One Friday evening, a couple of weeks ago, I attended an event at my husband's school. Teenaged musicians squeaked out Canon in D from the stage and I carried a squirmy baby on my hip around the room's perimeter. The crowd was getting antsy for the spaghetti dinner that would follow and my two-year old kept helping herself to the self-serve jug of iced tea on the beverage table. My husband was still on the job and so was I. Then I looked at my phone:
"Hi! I need your brain for a sec... I'm looking for a word to describe [...]" and what followed was a question and a challenge. A search for the perfect word that meant this but not that, conveyed a lot in just a little, and was quote unquote sassy.
I wish you could feel how my heart responded to this text. It basically began to pound because THIS was so me. And I was so grateful in that moment of complete distraction to have a smart, creative woman in Brooklyn texting me about the diction of a final paper in her Master's program.
I could not focus on this word search at the school and quickly texted back that I would think on it and respond after a while. Ultimately, I'm not sure that the nineteen options I sent back later that night really did provide any solution to her query, but darn if I didn't revel in that hour (yes, probably an hour) that I spent at my desk wracking my brain and clicking through online dictionaries to piece together that list.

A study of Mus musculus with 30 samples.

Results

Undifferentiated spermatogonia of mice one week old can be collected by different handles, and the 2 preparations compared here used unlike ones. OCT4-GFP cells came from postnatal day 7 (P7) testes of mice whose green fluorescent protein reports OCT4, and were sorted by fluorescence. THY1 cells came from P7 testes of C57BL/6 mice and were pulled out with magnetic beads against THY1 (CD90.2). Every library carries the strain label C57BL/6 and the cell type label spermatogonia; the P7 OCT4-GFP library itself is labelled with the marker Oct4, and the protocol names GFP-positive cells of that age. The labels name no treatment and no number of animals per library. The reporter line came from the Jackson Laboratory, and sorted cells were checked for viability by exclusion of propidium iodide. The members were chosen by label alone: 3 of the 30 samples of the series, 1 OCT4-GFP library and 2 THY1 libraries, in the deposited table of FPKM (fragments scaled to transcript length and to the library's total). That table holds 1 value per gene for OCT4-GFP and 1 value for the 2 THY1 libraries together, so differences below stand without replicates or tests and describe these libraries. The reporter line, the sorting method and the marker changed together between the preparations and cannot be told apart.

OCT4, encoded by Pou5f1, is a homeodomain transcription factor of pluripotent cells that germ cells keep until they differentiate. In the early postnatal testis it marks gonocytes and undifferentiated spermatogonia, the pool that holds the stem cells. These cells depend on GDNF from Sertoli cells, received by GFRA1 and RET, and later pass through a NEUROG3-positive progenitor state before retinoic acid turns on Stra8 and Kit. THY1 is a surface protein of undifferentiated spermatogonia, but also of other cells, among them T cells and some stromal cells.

Yvonne isn't the only one who has ever put me to work in this way. I edited a handful of my brother's papers when he was an undergrad. I conferred with another friend several months ago about the meaning of a poem she had found. And a few nights before receiving this text message I helped my husband with a graphic design challenge for one of our businesses.
Here is what I love: all of these opportunities remind me of my wholeness--that I am more than the photographer I am known as, more than the breasts and hands that feed my babies, more than the wife who tries not to leave too many piles around the house, more than the friend who listens. My wholeness is more than one single talent or skill or vocation and even though I don't (or couldn't!) excerise all of these pieces of myself every day, life sometimes keeps me from engaging all the parts of my brain and heart as often as I might like to. That's okay, too, though because wouldn't I be a disaster if I had that much time to focus on myself? Wouldn't we all?
That evening in the gym was otherwise consumed with cutting spaghetti into very small pieces to fit into very small mouths and trying to carry on brief, friendly conversations with school parents while (unsuccessfully) willing my toddler not to leave the building by the sheer force of my gaze upon the back of her head. But, as Yvonne reminded me in that moment when I looked at my phone, I also love words and a geeky challenge and brainstorming about writing.
I was grateful for her trust in me, for her faith in my intellect, for the opportunity to think outside of my own mindspace for a little while. Don't misunderstand -- I still read books and the news; I regularly engage in thoughtful conversation with my husband and friends. It's just that at this time in my life, when the most in demand parts of my mind and body are not those that finesse language for a grade, it felt like the highest compliment to have a friend come to me to "borrow" my brain for that purpose.
So thanks, Y. Anytime.
And anytime you want to come visit, I will be happy to borrow your arms and lap again. Because those parts are always in high demand around here. I do believe that coaxing a smile from a baby should also feel like the highest compliment. Of a different sort.
Yvonne and Evangeline, Charlottesville, VA, August 4, 2012.